Veuve Clicquot lowers bubbles into Baltic
Veuve Clicquot has submerged a selection of its Champagnes into the Baltic as part of a 50-year ageing experiment dubbed the Cellar in the Sea.
The Champagnes were lowered into the water yesterday close to the Åland shipwreck discovery almost exactly four years ago, where a stash of 47 bottles of Veuve Clicquot from 1839 and 1841, destined for lavish Russian Imperial court, were recovered.
Veuve Clicquot has named the underwater Champagne cellar the Åland Vault, and filled it with non-vintage Yellow Label (in 75cl and magnum bottles), Vintage Rosé 2004 and demi-sec wines.
The Champagnes have been sent 40 meters below the water’s surface, where their progress will be monitored by Veuve Clicquot cellar masters, who will also watch over duplicates of all the selected wines at the maison’s chalk cellars in Reims.
The Åland Vault has been submerged close to the shipwreck discovery to attempt to recreate the same ageing enviroment, which ensured that the bottles of Veuve from the nineteenth century were still drinkable, and had even retained a slight fizz.
The Baltic offers unique conditions with its poor salinity (20 times less than in the ocean) and a constant temperature of 4°C throughout the year.
The submersion depth of 40 meters will prevent any seaweed attaching itself to the bottles to avoid the risk of an iodine taste appearing in the wines.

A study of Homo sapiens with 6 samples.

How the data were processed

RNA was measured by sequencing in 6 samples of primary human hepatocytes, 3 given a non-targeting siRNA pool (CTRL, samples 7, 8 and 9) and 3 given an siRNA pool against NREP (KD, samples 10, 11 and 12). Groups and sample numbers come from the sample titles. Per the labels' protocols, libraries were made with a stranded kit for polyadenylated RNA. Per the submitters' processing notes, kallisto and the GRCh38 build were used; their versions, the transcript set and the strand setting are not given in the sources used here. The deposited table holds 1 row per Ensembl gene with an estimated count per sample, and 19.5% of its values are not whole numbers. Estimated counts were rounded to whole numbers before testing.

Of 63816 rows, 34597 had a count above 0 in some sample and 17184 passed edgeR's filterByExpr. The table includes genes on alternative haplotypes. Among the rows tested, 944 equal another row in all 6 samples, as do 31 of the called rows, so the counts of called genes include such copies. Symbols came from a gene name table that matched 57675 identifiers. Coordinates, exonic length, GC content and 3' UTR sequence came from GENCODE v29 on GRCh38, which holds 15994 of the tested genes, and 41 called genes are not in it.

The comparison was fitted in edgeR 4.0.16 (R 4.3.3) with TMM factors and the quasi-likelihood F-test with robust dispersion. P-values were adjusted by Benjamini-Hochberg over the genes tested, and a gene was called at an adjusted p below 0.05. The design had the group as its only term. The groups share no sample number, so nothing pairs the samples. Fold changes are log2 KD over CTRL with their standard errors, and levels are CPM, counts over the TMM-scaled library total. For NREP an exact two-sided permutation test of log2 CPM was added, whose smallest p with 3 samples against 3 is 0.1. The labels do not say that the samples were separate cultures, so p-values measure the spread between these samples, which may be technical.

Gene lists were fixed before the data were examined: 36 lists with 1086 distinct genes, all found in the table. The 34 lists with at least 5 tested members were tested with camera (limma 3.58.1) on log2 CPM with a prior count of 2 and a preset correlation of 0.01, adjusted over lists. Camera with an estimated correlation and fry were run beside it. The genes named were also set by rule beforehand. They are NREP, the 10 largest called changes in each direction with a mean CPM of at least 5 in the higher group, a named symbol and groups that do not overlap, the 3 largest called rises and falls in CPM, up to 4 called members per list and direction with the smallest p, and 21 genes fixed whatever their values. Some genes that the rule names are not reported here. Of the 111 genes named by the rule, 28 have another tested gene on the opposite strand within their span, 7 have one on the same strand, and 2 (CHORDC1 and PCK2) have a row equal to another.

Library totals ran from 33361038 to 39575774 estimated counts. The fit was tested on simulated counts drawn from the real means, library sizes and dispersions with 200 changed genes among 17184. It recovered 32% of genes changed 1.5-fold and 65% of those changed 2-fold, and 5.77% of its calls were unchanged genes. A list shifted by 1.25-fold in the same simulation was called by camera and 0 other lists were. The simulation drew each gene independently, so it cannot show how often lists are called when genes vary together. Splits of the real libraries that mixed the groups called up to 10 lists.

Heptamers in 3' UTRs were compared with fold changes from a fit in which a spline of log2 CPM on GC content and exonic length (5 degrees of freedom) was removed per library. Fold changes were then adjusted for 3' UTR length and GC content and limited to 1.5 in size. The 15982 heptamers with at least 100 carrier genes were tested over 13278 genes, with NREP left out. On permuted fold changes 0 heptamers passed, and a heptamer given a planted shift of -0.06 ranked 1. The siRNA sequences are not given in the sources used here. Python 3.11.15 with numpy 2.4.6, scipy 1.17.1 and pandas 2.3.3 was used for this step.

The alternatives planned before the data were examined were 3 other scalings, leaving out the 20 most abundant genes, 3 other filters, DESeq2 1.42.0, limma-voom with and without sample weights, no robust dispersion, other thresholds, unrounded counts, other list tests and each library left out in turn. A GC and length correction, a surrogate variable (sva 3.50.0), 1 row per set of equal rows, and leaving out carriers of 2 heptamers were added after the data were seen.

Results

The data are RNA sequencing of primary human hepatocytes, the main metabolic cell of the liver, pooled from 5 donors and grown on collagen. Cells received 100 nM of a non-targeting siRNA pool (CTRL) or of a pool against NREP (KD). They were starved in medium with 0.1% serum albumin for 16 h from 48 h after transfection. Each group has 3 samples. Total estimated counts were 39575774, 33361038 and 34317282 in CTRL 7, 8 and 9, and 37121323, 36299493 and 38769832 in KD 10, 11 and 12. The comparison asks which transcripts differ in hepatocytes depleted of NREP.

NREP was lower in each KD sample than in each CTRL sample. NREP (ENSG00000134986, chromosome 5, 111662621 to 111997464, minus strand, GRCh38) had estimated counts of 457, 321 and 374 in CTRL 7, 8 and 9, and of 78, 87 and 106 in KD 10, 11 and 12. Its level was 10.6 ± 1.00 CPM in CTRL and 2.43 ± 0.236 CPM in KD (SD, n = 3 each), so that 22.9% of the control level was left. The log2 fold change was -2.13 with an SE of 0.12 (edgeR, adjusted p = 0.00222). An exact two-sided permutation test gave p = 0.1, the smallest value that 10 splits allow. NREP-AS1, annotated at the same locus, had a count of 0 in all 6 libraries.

Veuve Clicquot plans to retrieve some wines from the sea on a regular basis and conduct comparative tastings with the duplicate bottles from the cellars in Reims in the presence of a panel of professional tasters.
In addition, samples of the retrieved wines will be sent to the Oenological Universities of Reims and Bordeaux to undergo technical analyses to discover the ageing secrets of the Baltic Sea.
Veuve Clicquot is not the only Champagne house to experiment with ageing fizz in the sea.
In July 2013, 600 bottles of Drappier Brut Nature and 60 bottles of Grande Sendrée 2005 were lowered into Brittany’s Saint-Malo bay to study the effect of the tide and water pressure on Champagne maturation, although this experiment followed previous under-water ageing trials involving Champagnes from Louis Roederer.